Wednesday, March 19, 2014

A Post about the Walking Dead

So, yes, I am still watching the show. I am aware that it has some race issues ( T Dog? Really?) class issues ( the rednecks are racist, and criminal, the bourgeois are at least rationalized as having trauma to explain away their sins) and gender issues ( Women are weak, or butch, and no real gay characters) but I still watch it. You wanna know why? Because of a filter I have for it. Like all decent genre fiction is serves best as an analogy. No, it's not about zombies- zombies don't exist, hence they're called "Walkers". No, it's not about disease because "we're all infected". It's about the atrocities of total war. Think about Rwanda, think about The American slaughter of Native Americans, think about southeast Asia, think about Central America, and so on. How often did these things break down on ethnic, or class lines? How much rape and chattelling of women goes on in them?
So, let's say that you agree with me, that it's about how people behave in those circumstances, so, then, what? Well, here's the trickier part- America, especially white America hasn't had to deal with that- not directly, and not in a very long time. However, what did we do in Iraq, and Afghanistan? How much did we dehumanize not only the opponents, but our own citizens? I watch the Walking Dead because I have friends who have come back from that, and I see them struggle, and The Walking Dead is a much safer way to talk about the aftermath of horrifying conditions because it's about "zombies"- you see? I can talk to a dude who lost his mind for a few minutes because an improvised explosive shot his friends' leg into my friends face about how traumatized Rick and Carl are, and I know he sometimes isn't talking about them. I can talk with another friend who had half a lung removed from parachuting into Fallujah, but all he wanted for years was to get signed up and go back about what a badass Michonne is, even though I'll never fully understand my friend, we can communicate through that cipher. Starting to see the point?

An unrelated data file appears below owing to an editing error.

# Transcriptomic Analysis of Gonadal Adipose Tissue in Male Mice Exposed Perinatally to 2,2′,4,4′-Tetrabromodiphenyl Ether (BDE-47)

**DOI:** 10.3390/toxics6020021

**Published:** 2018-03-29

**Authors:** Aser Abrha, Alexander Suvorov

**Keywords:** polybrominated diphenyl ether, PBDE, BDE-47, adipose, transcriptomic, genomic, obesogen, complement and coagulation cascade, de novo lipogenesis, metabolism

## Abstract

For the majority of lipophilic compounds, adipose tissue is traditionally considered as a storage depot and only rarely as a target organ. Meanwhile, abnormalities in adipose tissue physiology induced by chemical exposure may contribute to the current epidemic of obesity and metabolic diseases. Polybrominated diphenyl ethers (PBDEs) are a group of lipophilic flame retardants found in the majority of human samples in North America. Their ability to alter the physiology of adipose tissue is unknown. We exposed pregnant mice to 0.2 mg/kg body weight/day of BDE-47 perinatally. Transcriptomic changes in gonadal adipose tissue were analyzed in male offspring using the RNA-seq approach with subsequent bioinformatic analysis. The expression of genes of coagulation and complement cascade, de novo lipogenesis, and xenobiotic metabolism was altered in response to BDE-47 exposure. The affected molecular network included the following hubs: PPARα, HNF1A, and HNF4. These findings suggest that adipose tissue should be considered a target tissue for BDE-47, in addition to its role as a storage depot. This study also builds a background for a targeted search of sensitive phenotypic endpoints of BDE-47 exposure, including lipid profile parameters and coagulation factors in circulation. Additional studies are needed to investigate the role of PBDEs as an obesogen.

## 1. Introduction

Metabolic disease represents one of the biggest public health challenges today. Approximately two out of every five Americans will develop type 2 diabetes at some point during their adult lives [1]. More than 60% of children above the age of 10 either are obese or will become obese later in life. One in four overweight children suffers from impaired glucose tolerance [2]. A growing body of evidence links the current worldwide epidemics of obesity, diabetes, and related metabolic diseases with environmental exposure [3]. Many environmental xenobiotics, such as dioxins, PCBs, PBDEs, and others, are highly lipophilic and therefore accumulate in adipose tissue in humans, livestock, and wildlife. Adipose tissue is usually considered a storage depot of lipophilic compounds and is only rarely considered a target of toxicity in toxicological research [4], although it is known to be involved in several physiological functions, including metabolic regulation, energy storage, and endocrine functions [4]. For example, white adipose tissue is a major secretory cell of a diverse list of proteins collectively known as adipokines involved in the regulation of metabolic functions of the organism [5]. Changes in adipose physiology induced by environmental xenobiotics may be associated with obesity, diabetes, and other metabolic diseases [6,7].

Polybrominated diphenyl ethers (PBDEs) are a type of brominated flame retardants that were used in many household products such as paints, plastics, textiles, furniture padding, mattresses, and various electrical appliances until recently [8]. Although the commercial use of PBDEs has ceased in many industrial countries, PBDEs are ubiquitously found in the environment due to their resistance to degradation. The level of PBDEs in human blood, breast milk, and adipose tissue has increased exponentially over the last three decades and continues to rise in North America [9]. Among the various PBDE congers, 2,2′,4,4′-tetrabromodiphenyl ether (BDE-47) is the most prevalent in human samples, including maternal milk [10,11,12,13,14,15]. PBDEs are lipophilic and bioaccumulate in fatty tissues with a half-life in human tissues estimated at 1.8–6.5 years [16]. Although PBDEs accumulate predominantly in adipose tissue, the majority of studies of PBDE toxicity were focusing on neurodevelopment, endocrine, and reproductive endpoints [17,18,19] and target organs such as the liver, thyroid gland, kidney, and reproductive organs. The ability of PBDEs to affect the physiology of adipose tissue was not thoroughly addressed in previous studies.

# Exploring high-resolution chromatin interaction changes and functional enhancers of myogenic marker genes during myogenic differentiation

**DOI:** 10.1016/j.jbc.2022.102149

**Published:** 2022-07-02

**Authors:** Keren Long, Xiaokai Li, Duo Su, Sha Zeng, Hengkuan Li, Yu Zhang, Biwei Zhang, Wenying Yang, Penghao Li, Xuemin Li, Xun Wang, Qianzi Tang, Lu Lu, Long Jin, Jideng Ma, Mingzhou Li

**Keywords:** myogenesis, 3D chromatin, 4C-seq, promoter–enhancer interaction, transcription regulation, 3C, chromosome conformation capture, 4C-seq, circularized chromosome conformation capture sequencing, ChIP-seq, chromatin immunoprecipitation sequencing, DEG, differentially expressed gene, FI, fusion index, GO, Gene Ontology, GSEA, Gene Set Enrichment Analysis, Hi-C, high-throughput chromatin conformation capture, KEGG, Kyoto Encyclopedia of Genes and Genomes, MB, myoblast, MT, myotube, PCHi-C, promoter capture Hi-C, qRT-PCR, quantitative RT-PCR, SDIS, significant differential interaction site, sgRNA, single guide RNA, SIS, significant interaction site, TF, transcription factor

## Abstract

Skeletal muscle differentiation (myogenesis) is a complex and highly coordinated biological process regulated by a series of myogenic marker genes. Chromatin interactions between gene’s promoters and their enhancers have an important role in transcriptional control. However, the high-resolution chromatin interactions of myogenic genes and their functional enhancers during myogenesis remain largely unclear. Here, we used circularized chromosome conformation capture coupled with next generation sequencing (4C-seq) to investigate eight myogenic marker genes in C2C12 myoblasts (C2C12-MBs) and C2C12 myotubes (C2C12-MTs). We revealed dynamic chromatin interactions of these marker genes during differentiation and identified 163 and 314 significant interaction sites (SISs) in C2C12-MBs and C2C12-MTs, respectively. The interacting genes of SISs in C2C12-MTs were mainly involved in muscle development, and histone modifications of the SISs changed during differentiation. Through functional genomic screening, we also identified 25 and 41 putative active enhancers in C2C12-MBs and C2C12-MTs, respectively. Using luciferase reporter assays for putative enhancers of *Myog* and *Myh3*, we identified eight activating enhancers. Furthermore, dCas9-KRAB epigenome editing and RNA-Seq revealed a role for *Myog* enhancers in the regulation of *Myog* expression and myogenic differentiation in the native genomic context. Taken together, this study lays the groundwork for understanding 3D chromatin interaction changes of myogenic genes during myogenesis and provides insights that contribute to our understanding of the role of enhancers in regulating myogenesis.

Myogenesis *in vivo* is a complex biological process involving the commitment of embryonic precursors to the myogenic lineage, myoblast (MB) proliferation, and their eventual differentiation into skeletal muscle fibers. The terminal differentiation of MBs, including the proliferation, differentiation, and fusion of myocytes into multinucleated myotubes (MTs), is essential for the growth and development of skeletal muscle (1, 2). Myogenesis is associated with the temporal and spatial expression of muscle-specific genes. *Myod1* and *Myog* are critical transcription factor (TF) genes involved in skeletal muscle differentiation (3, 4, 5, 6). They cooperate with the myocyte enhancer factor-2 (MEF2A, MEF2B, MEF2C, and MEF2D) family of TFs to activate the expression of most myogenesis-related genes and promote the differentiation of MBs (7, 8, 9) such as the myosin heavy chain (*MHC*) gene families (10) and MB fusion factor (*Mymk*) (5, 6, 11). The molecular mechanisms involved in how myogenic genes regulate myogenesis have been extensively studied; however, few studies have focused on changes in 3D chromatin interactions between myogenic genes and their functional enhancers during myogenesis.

But, it's not just veterans. I think we, as Americans, understand, on some really deep level, that somewhere along the line, we crossed over, and we're the bad guys. Maybe not all bad, and maybe not all the time, but we've given the ok for some pretty bad stuff to be done in our name- The Walking Dead is a way to start processing that.
So, while I have no doubt that the Artists creating this show have some bad actions- I think Kirkman is demonstrably a sexist, for example. And I'm sure that both Darabont and Mazzara partially are out because no one is ready to abandon character development to the sociopathic levels that fanboys seem to want- a major, major part of why, even though I enjoyed Zombieland, it made me feel a little sick afterwards was how much it focused on being a "badass" and how cool it was to kill- so I know that sociopathic urge fuels a good percentage of our zombie stories- but it's that stubborn return to humanity, even if it's all dialogue, no action that makes me think that The Walking Dead has redeeming qualities.
For example, I literally have lost friends over this opinion- but I think the last episode was part and parcel of what the show absolutely must do- I'm not going to spoil it, but let's just say that a major character has to kill another, much more vulnerable character, because that character seems to present a greater danger. Some of my friends have concentrated on that killing, and other elements like that, and believe that the show is endorsing these actions- I'm arguing that the real core of the show is in the words of another character who responds to this transgression, and others like it by saying that he forgives, but cannot forget- that we can accept that we have been a party to evil, to things that should never have happened,  but we must not accept it in any kind of warmth- it's evil, and we have to be haunted by it. That's something I think needs to be said.